Understanding What a Credit Score Is
You just want to get a loan and suddenly you are bombarded with all this questions about your credit score. And you don't really know what to answer since you don't even know what a credit score is.
A credit score is your credit grade, representing how much of a good creditor you are. This score is dependent upon your credit history and credit report information, which is gotten from credit bureaus and credit reference agencies such as Equifax and TransUnion. Banks, credit card companies and lending companies use the credit score to have an idea if a person will pay what they borrowed in time. These scores will help these companies calculate their risk and determine if you will be lent to or not.
Another use for the credit score is to determine how many percent interest rates will be given to the borrower and what will be the terms of payment. People with high credit scores will be given more time frame to pay their debts and much lower interest rates.
A person with a not so good credit score may be given shorter terms in their payments but high interest rates. This is because they are riskier to lend money to so the banks and lending companies would want to get a high interest from them at shorter periods of time.
Because of the importance that credit score information gives to companies, banks and lending companies are now not the only ones that use these information. Even mobile phone companies, insurance companies, and private companies also use this information to check on the background of their clients and potential employees and see their character.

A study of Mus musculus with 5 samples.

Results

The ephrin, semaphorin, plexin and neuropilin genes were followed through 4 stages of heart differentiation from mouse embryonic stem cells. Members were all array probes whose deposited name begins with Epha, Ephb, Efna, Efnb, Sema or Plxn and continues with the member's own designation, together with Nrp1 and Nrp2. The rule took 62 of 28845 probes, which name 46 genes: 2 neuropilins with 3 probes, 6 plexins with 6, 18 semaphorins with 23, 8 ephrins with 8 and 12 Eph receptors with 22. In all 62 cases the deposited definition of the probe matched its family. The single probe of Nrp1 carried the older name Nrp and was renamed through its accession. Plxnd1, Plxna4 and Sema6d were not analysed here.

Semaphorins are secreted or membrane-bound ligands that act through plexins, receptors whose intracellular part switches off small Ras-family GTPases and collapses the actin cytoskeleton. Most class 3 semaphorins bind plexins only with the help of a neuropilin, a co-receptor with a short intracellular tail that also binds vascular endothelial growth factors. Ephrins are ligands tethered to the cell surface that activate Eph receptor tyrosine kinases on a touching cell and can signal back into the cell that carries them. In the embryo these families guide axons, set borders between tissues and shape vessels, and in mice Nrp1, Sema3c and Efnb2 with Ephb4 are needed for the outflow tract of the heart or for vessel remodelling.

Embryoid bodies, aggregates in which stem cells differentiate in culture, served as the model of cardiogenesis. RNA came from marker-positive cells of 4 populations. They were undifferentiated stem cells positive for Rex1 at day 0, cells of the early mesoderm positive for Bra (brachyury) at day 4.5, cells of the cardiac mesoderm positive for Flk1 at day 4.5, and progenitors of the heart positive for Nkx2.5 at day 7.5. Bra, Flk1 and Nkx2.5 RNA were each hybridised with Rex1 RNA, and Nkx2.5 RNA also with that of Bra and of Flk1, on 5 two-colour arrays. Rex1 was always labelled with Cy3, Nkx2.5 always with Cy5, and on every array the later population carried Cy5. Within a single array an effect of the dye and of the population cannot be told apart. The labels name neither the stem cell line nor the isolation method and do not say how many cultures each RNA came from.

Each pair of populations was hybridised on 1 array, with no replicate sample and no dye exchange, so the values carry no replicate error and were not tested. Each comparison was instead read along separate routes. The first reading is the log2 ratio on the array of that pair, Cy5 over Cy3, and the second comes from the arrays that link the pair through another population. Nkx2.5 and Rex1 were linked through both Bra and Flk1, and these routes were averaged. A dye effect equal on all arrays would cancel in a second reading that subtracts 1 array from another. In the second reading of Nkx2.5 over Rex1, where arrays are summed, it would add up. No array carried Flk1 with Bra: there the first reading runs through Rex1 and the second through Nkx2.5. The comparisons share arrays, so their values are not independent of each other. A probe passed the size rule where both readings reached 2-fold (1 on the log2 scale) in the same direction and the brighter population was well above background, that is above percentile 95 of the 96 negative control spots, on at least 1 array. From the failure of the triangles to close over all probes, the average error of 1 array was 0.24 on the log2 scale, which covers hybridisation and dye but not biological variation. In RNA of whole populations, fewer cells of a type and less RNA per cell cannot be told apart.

There are actually a lot of ways to determine what a person's credit score is. One of the most popular is the FICO score which was created by Fair Isaac Corporation. FICO is being used by lenders of mortgages to determine which borrowers are likely to default on their payments. A FICO credit score can range from 300 to 850.
When before only financial institutions have access to their credit score, now it is being commercialized. Equifax is actually offering consumers a glimpse of their FICO score through their website for a fee, $12.95. The same goes with other credit bureaus such as TRansUnion and Experian but what they are offering is not the actual FICO score but their own scores.
Both companies however swear that their scores are comparable to the FICO scores. Experian charges the same price as Equifax for their score, $12.95 while TRansUnion charges $9.00 for a credit report that will also have the credit score. This can be purchased by mail, through phone and of course, the easiest course, online.
Some however do not see the need to buy these things as they are entitled to a free credit report from each of the three agencies. Some states even give a free credit reports within 30 days of being rejected of a credit by a lending institution or when they receive a not so good credit terms because of their credit score.